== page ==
Christians are people of prayer (1 Thessalonians 5:17), and some of our prayer requests are in regards to the spiritual condition of our unsaved friends and relatives. We want them to be saved, and we pray to that end. In this we agree with Charles Spurgeon, who said, “If sinners be damned, at least let them leap to Hell over our dead bodies. And if they perish, let them perish with our arms wrapped about their knees, imploring them to stay. If Hell must be filled, let it be filled in the teeth of our exertions, and let not one go unwarned and unprayed for.”
We should be praying for the unsaved. Our Savior came to seek and to save the lost (Luke 19:10), and a principal theme of Luke’s gospel is Christ’s compassion for those often regarded as outcasts in Israel. Our Savior “wants all people to be saved and to come to a knowledge of the truth” (1 Timothy 2:4), so when we pray for the salvation of an unsaved person, we are simply sharing in the stated desire of Jesus.
We should pray for the unsaved because, the truth is, it’s not possible for us mere mortals to know who God’s elect are before they become saved (think of Saul of Tarsus). Spurgeon once quipped that it would be nice if the elect had a big E stamped on their back, but, of course, they do not. We do know that all of God’s elect will indeed be saved at some time during their earthly sojourn (see John 6:37, 39), but that may not happen until the day they’re called home to be with the Lord (e.g., the thief on the cross). It is through people with “beautiful feet” who bring the gospel that God uses as the means of reaching His elect (Isaiah 52:7).
We all have people in our sphere of influence who are unsaved, and we should be praying for them because we care deeply about them and because we know that God cares for them and wants none of them to perish—His desire is for all of them to come to repentance (2 Peter 3:9). It is natural to pray for those we care about. Consider the compassion the young servant girl showed to her Syrian captor: “If only my master would see the prophet who is in Samaria! He would cure him of his leprosy!” (2 Kings 5:3). Assuming that she prayed for Naaman, her prayer was on behalf of the unsaved. Consider the compassion Paul felt for his lost Jewish brothers: “I have great sorrow and unceasing anguish in my heart. For I could wish that I myself were cursed and cut off from Christ for the sake of my people” (Romans 9:2–3). Another devout servant of God’s—Moses—was, like Paul, ready to give his life for the sake of his people (see Exodus 32:32).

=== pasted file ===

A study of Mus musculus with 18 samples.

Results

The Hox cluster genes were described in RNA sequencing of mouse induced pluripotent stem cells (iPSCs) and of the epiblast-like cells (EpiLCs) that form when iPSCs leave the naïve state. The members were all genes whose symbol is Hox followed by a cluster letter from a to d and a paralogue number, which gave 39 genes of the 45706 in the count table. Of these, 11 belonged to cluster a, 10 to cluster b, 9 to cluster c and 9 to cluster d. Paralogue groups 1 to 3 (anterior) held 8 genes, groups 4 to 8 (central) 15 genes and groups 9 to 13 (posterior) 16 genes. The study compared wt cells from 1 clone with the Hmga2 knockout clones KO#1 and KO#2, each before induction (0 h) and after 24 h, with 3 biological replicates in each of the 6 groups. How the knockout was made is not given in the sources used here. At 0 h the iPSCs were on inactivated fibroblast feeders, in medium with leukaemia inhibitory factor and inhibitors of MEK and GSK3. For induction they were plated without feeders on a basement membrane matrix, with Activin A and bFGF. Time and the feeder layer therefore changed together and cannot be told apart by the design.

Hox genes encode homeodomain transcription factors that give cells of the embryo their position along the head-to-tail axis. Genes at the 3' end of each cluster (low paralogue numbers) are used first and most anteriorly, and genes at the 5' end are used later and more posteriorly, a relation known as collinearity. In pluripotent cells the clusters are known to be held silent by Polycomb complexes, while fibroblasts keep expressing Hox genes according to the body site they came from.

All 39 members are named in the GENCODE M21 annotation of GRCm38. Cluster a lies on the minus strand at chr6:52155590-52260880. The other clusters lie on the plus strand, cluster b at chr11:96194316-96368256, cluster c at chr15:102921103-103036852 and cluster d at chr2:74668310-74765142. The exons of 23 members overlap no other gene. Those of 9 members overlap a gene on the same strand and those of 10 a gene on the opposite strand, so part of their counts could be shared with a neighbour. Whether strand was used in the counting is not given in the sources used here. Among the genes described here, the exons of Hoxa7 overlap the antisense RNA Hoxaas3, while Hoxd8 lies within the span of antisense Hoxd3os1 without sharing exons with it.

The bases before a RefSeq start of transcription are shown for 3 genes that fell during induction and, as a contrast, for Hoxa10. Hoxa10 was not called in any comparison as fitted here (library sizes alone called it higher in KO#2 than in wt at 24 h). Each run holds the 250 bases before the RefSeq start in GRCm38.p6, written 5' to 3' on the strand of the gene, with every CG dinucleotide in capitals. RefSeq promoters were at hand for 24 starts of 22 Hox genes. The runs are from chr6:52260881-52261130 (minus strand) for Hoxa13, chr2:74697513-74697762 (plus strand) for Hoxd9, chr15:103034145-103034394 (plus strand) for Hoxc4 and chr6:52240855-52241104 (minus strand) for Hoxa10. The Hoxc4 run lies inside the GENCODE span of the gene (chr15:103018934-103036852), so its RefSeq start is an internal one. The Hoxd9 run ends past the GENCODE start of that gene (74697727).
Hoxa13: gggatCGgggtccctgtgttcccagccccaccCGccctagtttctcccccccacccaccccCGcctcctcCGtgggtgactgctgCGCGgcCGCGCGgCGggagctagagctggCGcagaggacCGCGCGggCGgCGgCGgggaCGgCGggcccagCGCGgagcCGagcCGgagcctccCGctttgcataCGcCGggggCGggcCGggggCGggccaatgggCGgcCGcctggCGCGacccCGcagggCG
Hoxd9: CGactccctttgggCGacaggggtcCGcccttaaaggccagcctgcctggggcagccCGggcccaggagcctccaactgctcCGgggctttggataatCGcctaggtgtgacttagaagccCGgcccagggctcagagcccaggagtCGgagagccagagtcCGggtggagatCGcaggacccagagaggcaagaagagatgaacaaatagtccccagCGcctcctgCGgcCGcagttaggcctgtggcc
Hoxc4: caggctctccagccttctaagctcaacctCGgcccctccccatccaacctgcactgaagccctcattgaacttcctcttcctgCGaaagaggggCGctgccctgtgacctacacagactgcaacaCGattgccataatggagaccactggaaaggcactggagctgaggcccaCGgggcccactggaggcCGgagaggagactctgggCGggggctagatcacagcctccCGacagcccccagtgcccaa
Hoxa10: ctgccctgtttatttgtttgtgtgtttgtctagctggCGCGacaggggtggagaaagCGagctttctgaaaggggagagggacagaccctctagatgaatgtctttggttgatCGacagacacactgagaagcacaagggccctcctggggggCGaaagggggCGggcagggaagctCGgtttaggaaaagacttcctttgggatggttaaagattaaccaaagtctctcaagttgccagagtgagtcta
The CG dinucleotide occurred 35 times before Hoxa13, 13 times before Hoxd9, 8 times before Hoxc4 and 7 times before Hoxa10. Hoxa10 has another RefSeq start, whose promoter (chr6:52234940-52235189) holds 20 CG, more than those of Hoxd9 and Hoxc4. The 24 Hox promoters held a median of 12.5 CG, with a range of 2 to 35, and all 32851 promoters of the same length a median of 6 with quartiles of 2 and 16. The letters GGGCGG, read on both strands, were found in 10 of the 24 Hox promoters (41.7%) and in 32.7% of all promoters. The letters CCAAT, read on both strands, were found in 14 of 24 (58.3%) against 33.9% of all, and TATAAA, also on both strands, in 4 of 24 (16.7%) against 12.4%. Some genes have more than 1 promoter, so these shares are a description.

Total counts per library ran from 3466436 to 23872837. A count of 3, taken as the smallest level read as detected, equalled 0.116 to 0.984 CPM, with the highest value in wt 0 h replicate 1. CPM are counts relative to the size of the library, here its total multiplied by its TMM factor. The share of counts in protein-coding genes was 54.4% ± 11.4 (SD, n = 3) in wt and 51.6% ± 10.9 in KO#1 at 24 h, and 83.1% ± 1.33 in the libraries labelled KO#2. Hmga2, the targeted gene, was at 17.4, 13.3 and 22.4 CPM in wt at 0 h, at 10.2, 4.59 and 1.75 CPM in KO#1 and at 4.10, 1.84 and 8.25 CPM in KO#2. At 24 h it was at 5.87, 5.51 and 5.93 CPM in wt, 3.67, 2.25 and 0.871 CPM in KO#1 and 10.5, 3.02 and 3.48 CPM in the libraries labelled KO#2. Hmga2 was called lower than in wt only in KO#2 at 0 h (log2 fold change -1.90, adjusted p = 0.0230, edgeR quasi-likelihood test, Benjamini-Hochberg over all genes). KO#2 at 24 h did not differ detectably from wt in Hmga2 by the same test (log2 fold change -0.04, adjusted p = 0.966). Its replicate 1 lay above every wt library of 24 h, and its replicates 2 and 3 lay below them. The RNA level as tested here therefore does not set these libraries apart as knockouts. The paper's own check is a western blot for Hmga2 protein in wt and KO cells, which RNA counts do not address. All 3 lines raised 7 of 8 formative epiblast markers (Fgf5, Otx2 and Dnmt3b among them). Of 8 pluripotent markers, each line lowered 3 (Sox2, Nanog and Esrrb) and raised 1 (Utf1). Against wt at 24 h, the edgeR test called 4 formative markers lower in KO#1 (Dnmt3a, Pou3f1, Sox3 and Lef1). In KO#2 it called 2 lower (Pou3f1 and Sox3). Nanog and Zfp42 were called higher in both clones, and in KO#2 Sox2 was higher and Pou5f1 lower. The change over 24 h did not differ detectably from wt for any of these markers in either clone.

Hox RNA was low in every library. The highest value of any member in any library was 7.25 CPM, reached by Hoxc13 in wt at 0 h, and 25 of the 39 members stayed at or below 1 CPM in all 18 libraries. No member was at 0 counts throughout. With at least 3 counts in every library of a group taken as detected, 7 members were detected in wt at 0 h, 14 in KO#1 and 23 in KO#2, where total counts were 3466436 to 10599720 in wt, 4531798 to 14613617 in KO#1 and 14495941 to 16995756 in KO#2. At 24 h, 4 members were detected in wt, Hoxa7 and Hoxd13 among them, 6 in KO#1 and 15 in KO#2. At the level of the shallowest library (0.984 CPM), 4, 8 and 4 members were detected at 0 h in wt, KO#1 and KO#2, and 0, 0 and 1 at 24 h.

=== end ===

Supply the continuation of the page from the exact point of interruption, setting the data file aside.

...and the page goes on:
Jesus instructed us to pray for the unsaved in this manner: “Ask the Lord of the harvest . . . to send out workers into his harvest field” (Luke 10:2). This prayer concerns the “harvest field” of evangelism in the world. It is a prayer that people will be saved and God will be glorified.
We have another biblical command to pray for the unsaved: “I urge, then, first of all, that petitions, prayers, intercession and thanksgiving be made for all people. . . . This is good, and pleases God our Savior” (1 Timothy 2:1, 3). The Ephesian church (where Timothy pastored) had apparently stopped praying for the unsaved, and Paul was encouraging Timothy to make it a priority again. His desire was for the Ephesian Christians to have compassion for the lost. Once again, we have no way of knowing who the elect are until they respond. And as John MacArthur aptly points out, “The scope of God’s evangelistic efforts is broader than election” (Matthew 22:14).
“The prayer of a righteous man is powerful and effective” (James 5:16), and “the eyes of the Lord are on the righteous and his ears are attentive to their prayer” (1 Peter 3:12; cf. Psalm 34:15). God indeed hears the cries of His children. We know what happens to those who die in their sins, and that knowledge alone should prompt us to pray incessantly for our unsaved acquaintances in the hope that they, too, will respond to God’s call and join us in heaven.